Happy bunch: Members of the Indian cricket squad bond at the hotel swimming pool after completing their quarantine period on Friday. Image Credit: Twitter/BCCI

Kolkata: Shikhar Dhawan and his ban of merry men, who reached Sri Lanka on June 28 and went into quarantine, were seen chilling out at the moment. The Board of Control for Cricket in India (BCCI) released a group photo of them at the swimming pool of the iconic hotel Taj Samudra in Colombo with a tweet: ‘‘The joy of getting out of quarantine. All smiles.’’

The team, under the coaching of Rahul Dravid, will be playing three One day Internationals and as many T20s, was run down by the former Sri Lankan captain Arjuna Ranatunga as a ‘‘second level’’ side, but in reality, it packs quite a punch and is full of several of their white ball specialists.

Captain Virat Kohli, Rohit Sharma, KL Rahul, Mohammed Shami, Jasprit Bumrah and Rishabh Pant are the five or six big names from their white ball set-up who are in England for the Test series, but the squad is full of proven customers like Dhawan himself, vice-captain Bhuvaneshwar Kumar, Manish Pandey, Pandya brothers, leg spinner Yuzvendra Chahal and Kuldeep Yadav, Surya Kumar Yadav, wicketkeeper-batsman Sanju Samson - apart from a range of youngsters like Prithvi Shaw, Devdutt Padikkal or Chetan Sakariya eyeing a spot in the T20 World Cup in the UAE.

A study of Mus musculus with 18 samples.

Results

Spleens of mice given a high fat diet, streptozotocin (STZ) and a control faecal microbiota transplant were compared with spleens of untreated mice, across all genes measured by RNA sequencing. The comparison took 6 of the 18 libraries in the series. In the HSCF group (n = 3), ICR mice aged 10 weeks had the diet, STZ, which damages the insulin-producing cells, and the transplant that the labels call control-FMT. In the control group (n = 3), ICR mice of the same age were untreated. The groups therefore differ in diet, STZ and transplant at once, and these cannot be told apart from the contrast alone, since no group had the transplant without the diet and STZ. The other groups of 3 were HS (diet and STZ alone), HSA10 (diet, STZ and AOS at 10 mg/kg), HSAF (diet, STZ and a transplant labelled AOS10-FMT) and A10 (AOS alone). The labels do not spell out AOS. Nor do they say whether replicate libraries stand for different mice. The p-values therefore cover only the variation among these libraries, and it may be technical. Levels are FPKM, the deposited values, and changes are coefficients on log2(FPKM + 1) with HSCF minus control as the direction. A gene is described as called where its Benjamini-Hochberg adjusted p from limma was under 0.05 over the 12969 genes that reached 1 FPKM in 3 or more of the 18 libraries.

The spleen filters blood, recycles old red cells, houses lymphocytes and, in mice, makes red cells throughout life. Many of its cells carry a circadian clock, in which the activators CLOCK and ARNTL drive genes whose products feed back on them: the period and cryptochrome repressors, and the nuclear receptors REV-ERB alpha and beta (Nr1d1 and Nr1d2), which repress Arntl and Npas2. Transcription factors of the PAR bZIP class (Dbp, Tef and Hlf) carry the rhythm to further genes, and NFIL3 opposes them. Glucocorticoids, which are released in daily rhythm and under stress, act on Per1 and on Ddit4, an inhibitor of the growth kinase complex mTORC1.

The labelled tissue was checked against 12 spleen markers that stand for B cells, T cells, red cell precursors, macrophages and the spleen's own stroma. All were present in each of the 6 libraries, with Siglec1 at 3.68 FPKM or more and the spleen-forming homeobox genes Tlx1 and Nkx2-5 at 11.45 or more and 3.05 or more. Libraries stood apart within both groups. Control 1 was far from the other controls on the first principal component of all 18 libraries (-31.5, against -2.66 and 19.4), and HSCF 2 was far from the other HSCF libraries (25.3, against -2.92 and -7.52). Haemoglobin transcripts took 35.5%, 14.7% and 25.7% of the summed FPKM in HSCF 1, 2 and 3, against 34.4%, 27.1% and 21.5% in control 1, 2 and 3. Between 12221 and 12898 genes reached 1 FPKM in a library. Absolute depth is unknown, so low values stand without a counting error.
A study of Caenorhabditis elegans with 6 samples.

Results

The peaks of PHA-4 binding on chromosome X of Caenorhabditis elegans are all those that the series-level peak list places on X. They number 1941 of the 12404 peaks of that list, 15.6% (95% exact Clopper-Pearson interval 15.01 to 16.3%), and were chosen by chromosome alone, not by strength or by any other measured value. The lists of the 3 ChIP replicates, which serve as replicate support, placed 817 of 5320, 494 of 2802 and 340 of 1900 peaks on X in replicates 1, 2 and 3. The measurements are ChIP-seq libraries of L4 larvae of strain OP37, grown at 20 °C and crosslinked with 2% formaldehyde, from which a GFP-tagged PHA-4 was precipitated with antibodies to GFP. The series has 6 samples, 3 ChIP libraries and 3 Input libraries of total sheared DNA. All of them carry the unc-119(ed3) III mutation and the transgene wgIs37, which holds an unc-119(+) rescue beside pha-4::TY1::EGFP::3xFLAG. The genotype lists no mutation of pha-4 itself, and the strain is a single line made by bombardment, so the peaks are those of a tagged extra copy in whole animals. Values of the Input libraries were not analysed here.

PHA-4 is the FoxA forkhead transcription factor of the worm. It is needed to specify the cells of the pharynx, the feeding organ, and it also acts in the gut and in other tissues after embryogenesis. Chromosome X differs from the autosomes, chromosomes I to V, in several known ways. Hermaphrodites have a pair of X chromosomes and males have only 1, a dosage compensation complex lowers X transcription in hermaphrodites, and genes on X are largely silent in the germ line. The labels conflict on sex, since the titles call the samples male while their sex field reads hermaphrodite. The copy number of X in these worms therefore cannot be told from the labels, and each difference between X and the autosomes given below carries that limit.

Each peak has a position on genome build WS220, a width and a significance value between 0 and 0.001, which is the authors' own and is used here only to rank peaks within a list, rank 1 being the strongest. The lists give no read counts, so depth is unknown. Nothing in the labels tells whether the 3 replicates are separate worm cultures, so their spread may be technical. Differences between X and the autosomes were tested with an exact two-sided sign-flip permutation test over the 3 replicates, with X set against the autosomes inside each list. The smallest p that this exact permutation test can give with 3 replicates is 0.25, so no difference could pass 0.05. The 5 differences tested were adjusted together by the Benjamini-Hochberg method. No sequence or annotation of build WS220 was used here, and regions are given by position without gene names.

Ranatunga, the Lankan World Cup winning captain of 1996, said the tour undermined the country’s “dignity” as he attacked Sports Minister Namal Rajapaksa and Sri Lanka Cricket.

“The Indian squad that came to Sri Lanka is not their best, it is a second level team,” Ranatunga said. “Didn’t our sports minister or cricket administrators know this.”

“Sri Lanka may have gone down (in the rankings), but as a cricketing nation we have an identity, we have dignity, we should not be sending our best to play an Indian B team.”

Ranatunga, who led Sri Lanka to its 1996 World Cup triumph, said the game’s administration had deteriorated and called for a major clean-up to improve playing standards and skills.

“The secret behind agreeing to an Indian B team is TV rights,” Ranatunga said. “The board wants to make money from this tournament even if it means pitching our players against a B team.”